Perhaps you view your holiday break as the perfect time to disconnect from work, relax, and recharge. You take it at face value and treat it like exactly what it is -- a real break.

Or maybe you're one of those people who thinks of all of the free time you'll have and instantly starts coming up with a list of those things you've been meaning to accomplish, but haven't yet made the time for.

If you fall into the latter camp, you're in luck. There are plenty of productive and professionally beneficial things you can do in between your holiday binge-watching and your numerous family functions.

1. Update Your LinkedIn Profile

Is your LinkedIn profile growing mold? Use your downtime to freshen up your summary, add a more recent photo, update your positions, and optimize your headline.

You'll be able to head into the new year with a new profile that's ready to highlight your most recent skills and accomplishments.

2. Clean Through Your Inbox and Computer Files

If you've let your emails and your desktop spiral out of control, spend some time cleaning things up.

Delete any unnecessary or extremely old emails and move the important ones into easy-to-reference folders. Then, do the same thing with all of those computer files that have been cluttering your desktop.

The best part? It's a pretty mindless activity you can do while camped out on the couch.

3. Brush Up Your Elevator Pitch

The new year deserves a brand new spiel, so it's time to knock the cobwebs off that tried and true elevator pitch of yours.

Of course, you'll want to update it to include any major changes in your career or business. But also challenge yourself to see just how memorable you can make it. That way, you'll be armed and ready for any upcoming networking events in the new year.

4. Learn a New Skill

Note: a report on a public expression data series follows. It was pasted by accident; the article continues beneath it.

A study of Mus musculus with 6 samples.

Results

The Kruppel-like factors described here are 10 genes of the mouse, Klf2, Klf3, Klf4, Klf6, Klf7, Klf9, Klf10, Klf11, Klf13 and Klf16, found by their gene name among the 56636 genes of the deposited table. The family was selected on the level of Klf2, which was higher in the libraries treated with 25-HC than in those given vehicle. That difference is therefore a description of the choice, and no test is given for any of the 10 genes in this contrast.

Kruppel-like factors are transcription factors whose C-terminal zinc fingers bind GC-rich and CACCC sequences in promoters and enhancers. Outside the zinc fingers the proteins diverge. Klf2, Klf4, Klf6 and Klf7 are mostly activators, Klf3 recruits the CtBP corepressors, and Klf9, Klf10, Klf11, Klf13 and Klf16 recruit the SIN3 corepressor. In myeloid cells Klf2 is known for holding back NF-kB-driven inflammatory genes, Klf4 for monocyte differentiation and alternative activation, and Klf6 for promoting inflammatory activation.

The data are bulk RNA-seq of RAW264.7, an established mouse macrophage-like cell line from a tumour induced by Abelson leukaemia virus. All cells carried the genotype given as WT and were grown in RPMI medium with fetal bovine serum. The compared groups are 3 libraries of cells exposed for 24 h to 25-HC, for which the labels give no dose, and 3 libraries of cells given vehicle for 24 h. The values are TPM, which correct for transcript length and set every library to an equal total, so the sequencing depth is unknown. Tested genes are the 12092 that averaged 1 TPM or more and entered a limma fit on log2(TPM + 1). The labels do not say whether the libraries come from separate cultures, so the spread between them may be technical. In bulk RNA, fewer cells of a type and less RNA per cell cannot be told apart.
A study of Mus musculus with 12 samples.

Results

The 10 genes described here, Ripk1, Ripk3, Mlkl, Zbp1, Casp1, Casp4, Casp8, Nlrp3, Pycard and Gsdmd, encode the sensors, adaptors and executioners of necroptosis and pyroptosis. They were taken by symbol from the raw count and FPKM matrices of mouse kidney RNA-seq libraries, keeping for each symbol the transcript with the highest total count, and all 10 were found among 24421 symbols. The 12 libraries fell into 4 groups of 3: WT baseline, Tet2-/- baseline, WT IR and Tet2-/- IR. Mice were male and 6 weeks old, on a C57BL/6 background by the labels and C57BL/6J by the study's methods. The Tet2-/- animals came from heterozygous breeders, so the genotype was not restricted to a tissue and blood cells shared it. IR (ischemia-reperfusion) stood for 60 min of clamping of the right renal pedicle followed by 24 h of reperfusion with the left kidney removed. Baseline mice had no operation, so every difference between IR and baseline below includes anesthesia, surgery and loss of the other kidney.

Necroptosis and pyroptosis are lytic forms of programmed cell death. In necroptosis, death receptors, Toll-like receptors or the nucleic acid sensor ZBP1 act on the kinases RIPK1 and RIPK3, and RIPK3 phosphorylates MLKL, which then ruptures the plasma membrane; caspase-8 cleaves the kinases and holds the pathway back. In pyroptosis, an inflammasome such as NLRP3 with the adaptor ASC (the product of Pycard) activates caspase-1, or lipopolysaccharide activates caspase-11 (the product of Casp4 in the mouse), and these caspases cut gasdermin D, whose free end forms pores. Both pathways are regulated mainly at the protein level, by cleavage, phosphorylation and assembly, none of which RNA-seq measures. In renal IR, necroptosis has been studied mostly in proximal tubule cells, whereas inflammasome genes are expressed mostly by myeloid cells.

Maybe it's that online course about email marketing you've been meaning to take. Or perhaps it's that video tutorial on coding you've been intending to watch.

Now's a great time to pick up a new skill -- whether it's directly relevant to your career or not. There's no better time to try your hand at something new than when you have a bunch of downtime at your disposal.

5. Write Notes

There's no denying that email is convenient. But sometimes it's nice to receive something thoughtful and handwritten in the mail.

Pick up a pack of greeting cards and write out some friendly notes to your various professional contacts. Whether it's a formal "thank you" for meeting for coffee the other week or simply your well wishes for a wonderful new year, it's an effective (and unique!) way to keep those connections strong.

6. Read

Is there anything better than curling up in your favorite chair with a good book? Yes -- if that book is something that could have a major positive impact on your career.

Grab that book you've been meaning to read for ages, and finally crack it open over your break. You'll likely return to work with a bunch of new ideas and a fresh perspective.

7. Set Goals for Next Year

Have you set your professional resolutions yet? Well, there's no time like the present.

Reserve some quiet time to sit down and reflect on the big things you want to accomplish throughout the next year. Then, take it a step further by jotting down the action steps needed to actually achieve those goals.

After all, there's nothing like starting the year feeling motivated, inspired, and focused.

8. Relax and Recharge

All right, perhaps this one seems a little counterintuitive. But rest assured, taking some time to just sit back and recharge really is productive.

We all deserve a break every now and then. So, don't feel guilty about giving yourself that time to just disconnect and relax. You've earned it!

Want to reserve your break for nothing but pure relaxation? That's great -- it's what your break was made for!

But if you decide you want to use that time for some career-boosting activities, there's plenty of opportunity there as well. Pick one (or even a few) of these eight things, and you'll put your downtime to good use.

Published on: Dec 12, 2016
The opinions expressed here by Inc.com columnists are their own, not those of Inc.com.